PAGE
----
Don’t miss Fashion Revolution’s Upcycling Queen in the latest episode of Wardrobe Crisis

By Bronwyn Seier

3 months ago

Orsola de Castro talks to Clare Press in the inaugural episode of Wardrobe Crisis podcast, series 3. They discuss Orsola’s upcycling journey, the unsustainable problem with perfectionism, and Fashion Revolution’s inception.

Recorded while Clare and Orsola were in Hong Kong judging the Redress Award, this episode is a rare window into Orsola’s career prior to co-founding Fashion Revolution, and even before her London Fashion Week initiative, Estethica. Detailing her introduction to both mending and upcycling, Orsola demands that, “Mending is something to be proud of… we have had 30 years in which any human mistake is considered dirty… To me, there is nothing dirty about something mended. There is everything celebratory and exciting. And somebody actually sent us a postcard at Fashion Revolution which said, ‘mending is a revolutionary act’. Mending is a scar. If we are proud of our life, proud of our scars, then mending is the physical externalisation of that”.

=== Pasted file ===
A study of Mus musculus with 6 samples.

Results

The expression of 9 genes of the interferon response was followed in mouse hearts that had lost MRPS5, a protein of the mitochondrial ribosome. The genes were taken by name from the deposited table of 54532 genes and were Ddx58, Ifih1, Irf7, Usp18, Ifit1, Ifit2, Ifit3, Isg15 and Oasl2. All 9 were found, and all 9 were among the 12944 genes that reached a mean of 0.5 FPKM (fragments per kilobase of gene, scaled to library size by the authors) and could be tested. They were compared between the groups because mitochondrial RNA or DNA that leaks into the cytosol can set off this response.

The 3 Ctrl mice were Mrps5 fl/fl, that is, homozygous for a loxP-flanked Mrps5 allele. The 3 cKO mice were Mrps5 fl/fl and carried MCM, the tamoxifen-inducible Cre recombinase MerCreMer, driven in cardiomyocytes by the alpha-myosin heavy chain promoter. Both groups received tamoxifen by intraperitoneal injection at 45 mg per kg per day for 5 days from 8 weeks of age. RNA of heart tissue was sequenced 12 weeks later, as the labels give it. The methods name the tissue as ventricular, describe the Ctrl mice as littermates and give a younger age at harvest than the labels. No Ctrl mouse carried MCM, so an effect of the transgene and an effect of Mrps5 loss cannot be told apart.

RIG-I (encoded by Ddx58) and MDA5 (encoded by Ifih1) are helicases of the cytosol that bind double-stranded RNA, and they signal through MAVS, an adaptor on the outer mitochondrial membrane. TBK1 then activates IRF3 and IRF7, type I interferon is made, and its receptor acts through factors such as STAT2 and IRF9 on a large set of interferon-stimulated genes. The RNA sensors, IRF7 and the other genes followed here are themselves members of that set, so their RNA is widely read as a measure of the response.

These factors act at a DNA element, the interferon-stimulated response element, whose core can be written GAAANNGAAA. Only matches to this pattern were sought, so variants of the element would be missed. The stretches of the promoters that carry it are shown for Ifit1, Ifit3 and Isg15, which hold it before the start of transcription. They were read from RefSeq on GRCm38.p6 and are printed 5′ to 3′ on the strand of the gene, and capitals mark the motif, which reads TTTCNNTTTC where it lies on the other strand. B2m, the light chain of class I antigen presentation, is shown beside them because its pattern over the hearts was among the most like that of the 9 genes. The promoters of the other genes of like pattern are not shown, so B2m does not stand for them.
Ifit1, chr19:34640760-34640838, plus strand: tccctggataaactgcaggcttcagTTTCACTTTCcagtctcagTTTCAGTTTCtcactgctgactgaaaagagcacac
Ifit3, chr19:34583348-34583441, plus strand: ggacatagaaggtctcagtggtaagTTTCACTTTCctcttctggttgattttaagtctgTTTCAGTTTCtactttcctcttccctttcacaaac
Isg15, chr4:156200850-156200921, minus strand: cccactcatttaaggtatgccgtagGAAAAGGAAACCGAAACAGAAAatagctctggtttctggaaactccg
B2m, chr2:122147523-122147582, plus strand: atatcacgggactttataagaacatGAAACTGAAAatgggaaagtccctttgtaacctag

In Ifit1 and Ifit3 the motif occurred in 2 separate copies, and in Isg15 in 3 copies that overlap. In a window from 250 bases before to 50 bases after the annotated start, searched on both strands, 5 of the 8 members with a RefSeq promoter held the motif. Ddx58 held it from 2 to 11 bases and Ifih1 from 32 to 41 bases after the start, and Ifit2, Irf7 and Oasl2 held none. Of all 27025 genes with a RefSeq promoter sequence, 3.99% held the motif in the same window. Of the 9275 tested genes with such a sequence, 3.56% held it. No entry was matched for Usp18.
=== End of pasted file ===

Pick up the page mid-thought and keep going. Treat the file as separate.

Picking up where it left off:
To her point, Clare notes that culturally, we shy away from imperfections, like signs of ageing, and blemishes. This same tendency to shame imperfections is exemplified when we discard a garment that could’ve been mended, or when brands burn stock because it didn’t pass quality control.

When Orsola turns to her journey at Fashion Revolution, she talks about the guiding principles she and co-founder Carry established to engage citizens from the start. Namely, Fashion Revolution’s call to “Be Curious. Find Out. Do Something”, as a radical way to give people a ‘way in’ when it seemed like some of the problems facing the fashion industry were insurmountable. Further Orsola says of Fashion Revolution’s #WhoMadeMyClothes campaign, “The truth is that nobody expected such a simple question to be so hard to answer”.

Find the episode on iTunes and at Wardrobe Crisis.

Clare Press is the sustainability editor-at-large of Vogue Australia, and host of the podcast Wardrobe Crisis, named after her book on the fashion industry’s ills, which she published in 2016. The podcast, now in its third season, has hosted conversations with designers including Roland Mouret, Ruchika Sachdeva, and Bianca Spender, along with sustainability pioneers Dilys Williams, Baroness Lola Young, and Ellen MacArthur. In season 2, Wardrobe Crisis also interviewed Fashion Revolution’s policy director, Sarah Ditty.